When the Qi2 wireless charging standard was first announced at CES earlier this year it brought a fair amount of promise, notably with the addition of Apple to the Wireless Power Consortium and its inclusion of magnets. On Wednesday, the next step in this transition -- which should bring faster magnetic wireless charging to both iPhones and Android phones -- got a more solid time frame as the WPC announced that "Qi v2.0" certified devices will "be available in time for the holiday season."
Apple's recently announced iPhone 15 lineup already has support for Qi2 and Belkin, Mophie, Anker and Aircharge have already announced Qi2 accessories. The WPC says that "over 100 devices are currently in testing or in the certification testing queue."
With Qi2 (pronounced "chee two"), manufacturers will be able to incorporate magnets into their devices to make it easier for phones to snap onto wireless chargers and other magnetic accessories. While Apple has incorporated magnets for its MagSafe accessory line since the iPhone 12's release in 2020, Android phone users interested in a similar feature have relied on phone cases to use similar accessories.
Using magnets should help devices better line up with wireless chargers for faster recharging, especially compared to current Qi chargers that might not charge properly if your phone isn't lined up exactly as intended.
"These certified Qi2 chargers provide smoother, faster charging that is more energy efficient, and offers wide interoperability," said Paul Struhsaker, executive director for the WPC, in a press release announcing that the first devices have completed certification testing.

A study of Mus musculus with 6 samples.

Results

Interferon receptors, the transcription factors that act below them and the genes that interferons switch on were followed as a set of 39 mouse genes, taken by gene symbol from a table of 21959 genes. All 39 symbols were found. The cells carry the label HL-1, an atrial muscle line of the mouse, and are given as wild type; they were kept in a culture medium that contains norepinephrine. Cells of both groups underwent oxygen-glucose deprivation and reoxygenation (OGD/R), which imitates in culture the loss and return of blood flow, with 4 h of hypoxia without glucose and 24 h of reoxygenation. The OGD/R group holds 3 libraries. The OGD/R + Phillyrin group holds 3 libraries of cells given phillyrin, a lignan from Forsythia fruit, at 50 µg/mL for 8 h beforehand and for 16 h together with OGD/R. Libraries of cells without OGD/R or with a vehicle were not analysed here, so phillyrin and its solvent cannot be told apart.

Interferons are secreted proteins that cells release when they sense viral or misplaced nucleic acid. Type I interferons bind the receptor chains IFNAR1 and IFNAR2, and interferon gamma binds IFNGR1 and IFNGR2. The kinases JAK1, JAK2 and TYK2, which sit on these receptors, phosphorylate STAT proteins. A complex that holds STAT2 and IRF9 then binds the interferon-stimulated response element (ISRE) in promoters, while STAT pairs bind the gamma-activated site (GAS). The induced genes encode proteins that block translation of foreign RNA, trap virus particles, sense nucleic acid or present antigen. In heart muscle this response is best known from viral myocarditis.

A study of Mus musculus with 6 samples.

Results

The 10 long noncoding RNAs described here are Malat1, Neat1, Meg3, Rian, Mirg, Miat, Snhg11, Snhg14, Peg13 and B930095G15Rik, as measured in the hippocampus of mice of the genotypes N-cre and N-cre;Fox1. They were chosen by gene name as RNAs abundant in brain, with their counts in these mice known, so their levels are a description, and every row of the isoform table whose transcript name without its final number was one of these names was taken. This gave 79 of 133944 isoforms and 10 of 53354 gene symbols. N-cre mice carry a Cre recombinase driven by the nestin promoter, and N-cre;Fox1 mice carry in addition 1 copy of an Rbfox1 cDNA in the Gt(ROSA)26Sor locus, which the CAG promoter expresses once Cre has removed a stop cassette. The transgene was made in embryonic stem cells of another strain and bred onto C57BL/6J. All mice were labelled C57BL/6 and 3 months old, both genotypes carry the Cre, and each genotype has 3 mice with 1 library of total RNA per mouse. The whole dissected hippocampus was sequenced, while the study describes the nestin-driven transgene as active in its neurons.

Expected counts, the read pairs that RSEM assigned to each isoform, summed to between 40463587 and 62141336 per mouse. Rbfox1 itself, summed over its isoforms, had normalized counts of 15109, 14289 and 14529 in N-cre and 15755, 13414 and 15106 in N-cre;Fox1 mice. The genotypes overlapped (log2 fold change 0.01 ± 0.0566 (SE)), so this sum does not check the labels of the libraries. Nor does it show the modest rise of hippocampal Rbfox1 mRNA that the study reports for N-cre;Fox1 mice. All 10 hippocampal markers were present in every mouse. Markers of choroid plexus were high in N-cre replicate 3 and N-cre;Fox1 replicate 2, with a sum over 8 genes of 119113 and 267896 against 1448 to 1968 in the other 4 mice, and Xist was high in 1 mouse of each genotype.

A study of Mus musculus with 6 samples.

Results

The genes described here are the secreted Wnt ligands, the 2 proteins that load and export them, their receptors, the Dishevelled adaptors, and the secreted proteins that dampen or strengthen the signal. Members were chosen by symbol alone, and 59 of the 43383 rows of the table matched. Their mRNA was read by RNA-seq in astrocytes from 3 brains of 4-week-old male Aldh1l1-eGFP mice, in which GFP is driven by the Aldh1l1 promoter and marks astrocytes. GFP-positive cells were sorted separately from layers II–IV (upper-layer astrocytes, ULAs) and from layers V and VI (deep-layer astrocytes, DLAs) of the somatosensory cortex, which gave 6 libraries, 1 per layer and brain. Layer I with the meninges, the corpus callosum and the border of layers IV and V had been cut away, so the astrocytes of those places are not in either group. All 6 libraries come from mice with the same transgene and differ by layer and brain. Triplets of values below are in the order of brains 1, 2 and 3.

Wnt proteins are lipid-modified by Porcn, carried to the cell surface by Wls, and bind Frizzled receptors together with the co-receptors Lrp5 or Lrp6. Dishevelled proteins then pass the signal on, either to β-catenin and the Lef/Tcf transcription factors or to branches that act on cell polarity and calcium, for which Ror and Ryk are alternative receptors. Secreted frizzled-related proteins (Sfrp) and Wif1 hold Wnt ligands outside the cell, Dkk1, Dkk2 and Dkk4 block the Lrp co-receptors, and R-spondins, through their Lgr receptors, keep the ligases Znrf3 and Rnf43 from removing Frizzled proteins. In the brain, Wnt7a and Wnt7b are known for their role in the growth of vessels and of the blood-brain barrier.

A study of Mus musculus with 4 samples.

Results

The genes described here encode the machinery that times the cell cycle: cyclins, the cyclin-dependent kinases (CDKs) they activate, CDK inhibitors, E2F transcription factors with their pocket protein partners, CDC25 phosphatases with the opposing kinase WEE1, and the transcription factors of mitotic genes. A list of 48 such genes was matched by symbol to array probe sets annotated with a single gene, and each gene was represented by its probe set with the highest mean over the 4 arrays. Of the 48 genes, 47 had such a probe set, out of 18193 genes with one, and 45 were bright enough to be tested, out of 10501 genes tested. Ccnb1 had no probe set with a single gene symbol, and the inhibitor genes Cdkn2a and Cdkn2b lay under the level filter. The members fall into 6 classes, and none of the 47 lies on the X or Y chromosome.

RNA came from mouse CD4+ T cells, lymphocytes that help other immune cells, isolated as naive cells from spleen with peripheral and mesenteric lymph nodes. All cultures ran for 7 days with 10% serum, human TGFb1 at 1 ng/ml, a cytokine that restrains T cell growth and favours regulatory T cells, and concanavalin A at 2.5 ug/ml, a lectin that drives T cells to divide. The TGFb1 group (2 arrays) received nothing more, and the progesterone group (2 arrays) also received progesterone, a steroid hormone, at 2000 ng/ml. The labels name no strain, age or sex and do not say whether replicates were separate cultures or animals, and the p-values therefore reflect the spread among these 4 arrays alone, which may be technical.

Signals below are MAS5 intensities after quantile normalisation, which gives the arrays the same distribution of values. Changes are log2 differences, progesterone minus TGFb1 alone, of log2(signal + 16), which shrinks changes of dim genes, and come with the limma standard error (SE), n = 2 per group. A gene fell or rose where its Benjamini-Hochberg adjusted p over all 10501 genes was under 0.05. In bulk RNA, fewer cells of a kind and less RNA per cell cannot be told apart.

There are two main parts of Qi2, the magnetic portion known as the Magnetic Power Profile, which is based on Apple's MagSafe and utilizes magnets, as well as an "enhancement to the existing wireless charging Extended Power Profile." The latter portion does not include magnets but still "complies" with the new standard.
Only devices with the magnetic profile will feature the Qi2 branding, with other devices using the existing Qi logo even if they support EPP.
The WPC confirmed to CNET that the maximum wattage for devices with the magnetic profile is 15 watts -- which matches that of Apple's MagSafe chargers. It also confirmed that Qi2 wireless chargers will be able to charge older devices.
Because the incorporation of magnets is no longer proprietary to Apple, Android device-makers can now adopt Qi2 into their upcoming devices and allow them to tap into the technology and potentially the surrounding ecosystem of noncharging magnetic accessories.
The WPC's board includes members from Apple, Samsung and Google, with The Verge noting that Google's representative, Liyu Yang, has worked on bringing wireless charging to Pixel devices. A release announcing his appointment to the WPC board this month noted that he is "currently leading the investigation and design of next-generation wireless charging platforms for future Pixel products."
Apple has used the technology to add software features, such as StandBy mode on iOS 17, but no other phone-maker has yet announced similar additions.